New demand sources will take care of US gas supply glut, policy analyst says
by Mark Passwaters
October 29, 2013
The sudden wealth from U.S. natural gas has taken most of the nation by surprise but new demand sources should help even the equation, National Center for Policy Analysis fellow H. Sterling Burnett told SNL Energy.
Burnett, who recently completed an issue brief on hydraulic fracturing's pivotal role in the shale gas revolution, said he was caught off guard during his research by the amount of gas the U.S. now has at its disposal.
"One thing that surprised me was natural gas," he said. "In the early 2000s, when gas was trading at about $14/MMBtu and I was asked if this was as sign of things to come, I said, 'We've probably only got 70 or 80 years left.' I didn't see the fracking revolution. I was off base, but I think everyone was off base, because nobody anticipated the fracking revolution."
Even though the U.S. has a supply glut when it comes to gas, Burnett said he is already seeing signs that the problem could be short-lived.
"I think the glut will take care of itself," he said. "I would argue you're going to see a revolution in transportation. I think hybrids won't be the way to go, it will be natural gas vehicles. It's already starting with fleet vehicles, trucks and delivery vans."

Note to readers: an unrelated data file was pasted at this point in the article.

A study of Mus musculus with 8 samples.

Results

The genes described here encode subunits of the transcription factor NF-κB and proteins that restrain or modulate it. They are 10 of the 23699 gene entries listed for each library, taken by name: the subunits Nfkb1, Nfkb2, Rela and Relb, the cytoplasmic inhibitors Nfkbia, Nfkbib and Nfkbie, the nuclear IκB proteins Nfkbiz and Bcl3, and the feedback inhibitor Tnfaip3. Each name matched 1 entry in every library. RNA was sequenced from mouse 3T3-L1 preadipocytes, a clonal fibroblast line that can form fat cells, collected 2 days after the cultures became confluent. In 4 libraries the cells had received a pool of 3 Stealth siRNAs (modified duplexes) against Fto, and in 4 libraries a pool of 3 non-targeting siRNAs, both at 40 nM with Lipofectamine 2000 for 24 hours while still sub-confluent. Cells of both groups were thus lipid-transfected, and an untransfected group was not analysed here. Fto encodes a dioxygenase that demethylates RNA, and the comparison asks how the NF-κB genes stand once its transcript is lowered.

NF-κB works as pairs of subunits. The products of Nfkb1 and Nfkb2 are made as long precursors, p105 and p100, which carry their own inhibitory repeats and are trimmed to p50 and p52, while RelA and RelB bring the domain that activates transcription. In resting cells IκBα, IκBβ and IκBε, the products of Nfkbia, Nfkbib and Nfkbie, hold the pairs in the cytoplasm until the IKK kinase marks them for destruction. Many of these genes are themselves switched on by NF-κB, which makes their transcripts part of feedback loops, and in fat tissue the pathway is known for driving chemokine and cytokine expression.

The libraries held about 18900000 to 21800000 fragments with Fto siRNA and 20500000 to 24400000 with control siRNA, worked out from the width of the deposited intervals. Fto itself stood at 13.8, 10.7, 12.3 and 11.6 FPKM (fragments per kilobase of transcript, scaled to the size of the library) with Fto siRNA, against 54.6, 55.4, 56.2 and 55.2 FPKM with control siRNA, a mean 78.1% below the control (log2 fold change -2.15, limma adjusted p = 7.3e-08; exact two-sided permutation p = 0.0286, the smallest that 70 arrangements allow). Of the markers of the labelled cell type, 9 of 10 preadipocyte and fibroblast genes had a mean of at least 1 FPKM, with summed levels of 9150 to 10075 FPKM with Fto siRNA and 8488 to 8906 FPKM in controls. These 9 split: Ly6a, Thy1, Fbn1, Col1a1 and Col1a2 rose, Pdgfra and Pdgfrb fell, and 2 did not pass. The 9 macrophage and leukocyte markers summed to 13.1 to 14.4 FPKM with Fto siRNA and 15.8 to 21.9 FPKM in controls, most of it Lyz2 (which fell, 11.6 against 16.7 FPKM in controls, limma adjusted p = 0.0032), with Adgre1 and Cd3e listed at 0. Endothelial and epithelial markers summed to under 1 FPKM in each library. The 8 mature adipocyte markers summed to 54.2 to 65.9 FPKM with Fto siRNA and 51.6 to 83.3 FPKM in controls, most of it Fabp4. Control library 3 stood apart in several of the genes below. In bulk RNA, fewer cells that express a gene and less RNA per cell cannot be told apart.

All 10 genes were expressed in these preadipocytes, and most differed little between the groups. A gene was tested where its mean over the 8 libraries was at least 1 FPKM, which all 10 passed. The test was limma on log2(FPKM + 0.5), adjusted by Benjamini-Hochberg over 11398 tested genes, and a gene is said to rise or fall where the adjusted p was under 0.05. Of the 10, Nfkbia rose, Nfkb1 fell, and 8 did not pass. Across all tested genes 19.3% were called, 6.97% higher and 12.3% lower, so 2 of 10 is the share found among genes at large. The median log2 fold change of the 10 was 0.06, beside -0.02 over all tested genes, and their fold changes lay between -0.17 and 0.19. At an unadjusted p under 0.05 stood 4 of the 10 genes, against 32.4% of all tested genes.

The primary source for natural gas demand, Burnett said, will be electric generation as new regulations from the Obama administration will "take care of" coal plants.
"They're more open to greater fossil fuel usage for peak loads and to back up [renewable sources]," he said. "Green power is always supplementary power at best."
In his issue brief, Burnett argued that the administration has taken away greater avenues for natural gas use through regulatory activity while boasting of increased production.
"The Obama administration has a real commitment to doing something about greenhouse gases, and anything that contributes to it, he's against it," Burnett said. "He sees [gas] as a transition energy and not something that they need to promote because the private sector is doing that anyway. I think it's a concerted effort by the administration to reduce energy use based on fossil fuels while taking credit for the good things at the same time."
Burnett said the administration and environmental groups continue to take aim at the use of hydraulic fracturing itself, even though their arguments have little to stand on.
"So much is being written about the negatives, even though I think those negatives are isolated and anecdotal," he said. "What I've found is where you have these problems is they're not endemic or inherent to the industry. Where they happen is with bad operators, not cementing properly or not getting rid of waste properly. With the earthquakes, it's not the fracking that's causing the quakes; it's wastewater disposal."
If fracking is not limited by severe regulations, Burnett said, shale plays such as the Bakken, Eagle Ford and Barnett, along with resources that have yet to be tapped, will provide plenty of supply well into the future.
"I don't think people realize the abundance the U.S. has in these plays," he said. "California has oil and gas plays out there in their shales that haven't been touched yet."